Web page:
It takes the traditional student more than 120 credit hours and some four years to earn a Smith College bachelor’s degree. But there are some students, like Mary Pinney ’80, for whom the march to graduation can take decades.

Originally a member of the class of 1958, Mary Pinney entered Smith in fall 1954. The daughter of a Smith alumna, class of 1932, she says, “I always knew I wanted to go to Smith, and I loved being there.”

However, she was also in love with her high school sweetheart, and after marrying him during her junior year, she left Smith, “in good academic standing, but not expecting that I would ever return.” Nevertheless, six children and 20 years later, she returned to Smith to finish her degree, commuting each week from New Jersey and staying on campus from Sunday to Wednesday.

“It was a glorious two years,” she recalls. “There were moments of quiet desperation, when I thought I would never make it, but also many moments of tremendous satisfaction and joy as I realized I could still think and write and achieve academically.”

Pinney went on to earn a master’s degree and complete all of her coursework, except for her dissertation, for a doctorate at the University of Pennsylvania. Eventually she became an associate dean at Rider University.

It has been 30 years since former Smith president Jill Ker Conway founded the Ada Comstock Scholars Program, the first college program to offer older women the opportunity to resume their education. This fall, Ada alumnae were invited back to campus October 7-8 to commemorate the program’s successes.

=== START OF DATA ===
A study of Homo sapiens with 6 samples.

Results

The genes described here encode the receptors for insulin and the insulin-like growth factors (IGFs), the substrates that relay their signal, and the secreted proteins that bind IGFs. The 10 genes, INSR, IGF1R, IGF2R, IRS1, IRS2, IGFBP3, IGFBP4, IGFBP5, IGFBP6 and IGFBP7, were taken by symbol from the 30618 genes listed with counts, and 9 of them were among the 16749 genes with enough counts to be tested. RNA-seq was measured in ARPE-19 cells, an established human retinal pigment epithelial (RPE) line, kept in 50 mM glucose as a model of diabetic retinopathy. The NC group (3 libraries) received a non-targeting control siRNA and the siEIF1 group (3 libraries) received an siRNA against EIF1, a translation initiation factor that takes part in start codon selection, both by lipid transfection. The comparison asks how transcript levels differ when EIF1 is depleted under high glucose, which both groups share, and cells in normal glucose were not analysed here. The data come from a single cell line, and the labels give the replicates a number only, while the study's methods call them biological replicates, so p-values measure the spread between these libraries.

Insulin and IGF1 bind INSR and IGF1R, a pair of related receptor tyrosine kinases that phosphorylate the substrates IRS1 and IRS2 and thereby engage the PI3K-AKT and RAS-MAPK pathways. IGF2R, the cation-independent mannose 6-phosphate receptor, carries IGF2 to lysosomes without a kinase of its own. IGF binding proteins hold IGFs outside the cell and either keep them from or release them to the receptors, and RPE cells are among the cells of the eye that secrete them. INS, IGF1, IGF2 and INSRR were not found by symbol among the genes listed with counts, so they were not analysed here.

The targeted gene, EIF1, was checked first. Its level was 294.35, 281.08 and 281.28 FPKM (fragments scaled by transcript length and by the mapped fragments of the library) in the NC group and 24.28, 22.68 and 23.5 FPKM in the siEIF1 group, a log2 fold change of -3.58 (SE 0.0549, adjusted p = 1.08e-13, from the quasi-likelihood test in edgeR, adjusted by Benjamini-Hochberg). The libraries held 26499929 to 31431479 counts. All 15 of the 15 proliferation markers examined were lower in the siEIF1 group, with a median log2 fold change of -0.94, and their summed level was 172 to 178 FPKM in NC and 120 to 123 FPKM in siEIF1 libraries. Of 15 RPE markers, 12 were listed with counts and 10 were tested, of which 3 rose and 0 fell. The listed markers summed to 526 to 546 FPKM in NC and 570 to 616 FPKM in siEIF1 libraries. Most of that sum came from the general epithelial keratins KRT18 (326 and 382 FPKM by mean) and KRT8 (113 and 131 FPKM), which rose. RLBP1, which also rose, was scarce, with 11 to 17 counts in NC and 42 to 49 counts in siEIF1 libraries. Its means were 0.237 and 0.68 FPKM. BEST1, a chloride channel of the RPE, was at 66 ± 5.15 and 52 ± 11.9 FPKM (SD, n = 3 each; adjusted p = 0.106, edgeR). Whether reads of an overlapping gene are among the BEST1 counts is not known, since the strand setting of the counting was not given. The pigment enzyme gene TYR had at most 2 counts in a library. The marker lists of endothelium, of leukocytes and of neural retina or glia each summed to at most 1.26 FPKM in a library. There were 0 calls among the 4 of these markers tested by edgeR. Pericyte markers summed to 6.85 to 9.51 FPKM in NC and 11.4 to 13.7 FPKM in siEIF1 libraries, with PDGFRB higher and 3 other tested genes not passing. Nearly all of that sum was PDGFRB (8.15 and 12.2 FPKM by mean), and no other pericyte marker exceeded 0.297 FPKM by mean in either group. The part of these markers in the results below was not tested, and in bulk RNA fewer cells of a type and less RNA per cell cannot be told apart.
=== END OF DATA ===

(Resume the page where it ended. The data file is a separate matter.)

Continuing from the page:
The program’s milestone is cause for celebration. Alexandra Kutik ’00 of San Francisco, California, says it was good to reconnect with the Ada community, both alumnae and current students. “Our primary common cause is to transform our lives. The celebration was a very powerful reminder of the commitment we all made.”

Before entering the Ada program, Kutik had a long career in nonprofit management, but positions in top management eluded her. “My goal upon graduation was to head a small nonprofit,” notes Kutik, “and that’s exactly what I did, serving as executive director of the Randall Museum Friends. I believe that the confidence gained during my very successful academic years helped me to achieve this professional goal.”

Mary Pinney ’80 would agree. But there is another unanticipated benefit of her Ada experience that she likes to point to: a friendship among seven women, all Smith graduates with ages spanning some 21 years, who have formed a close bond since attending Smith. “Over the years, as our lives have evolved, we have shared laughter and tears, food and drink and most of all love,” Pinney notes. “Our children have grown; grandchildren, none of whom existed in 1980, have grown; three of us have lost spouses; all but one of us is now retired. Through all of the ups and downs of our lives, our friendship has remained a vital constant.”

Go to www.smith.edu/ada for more information about the program.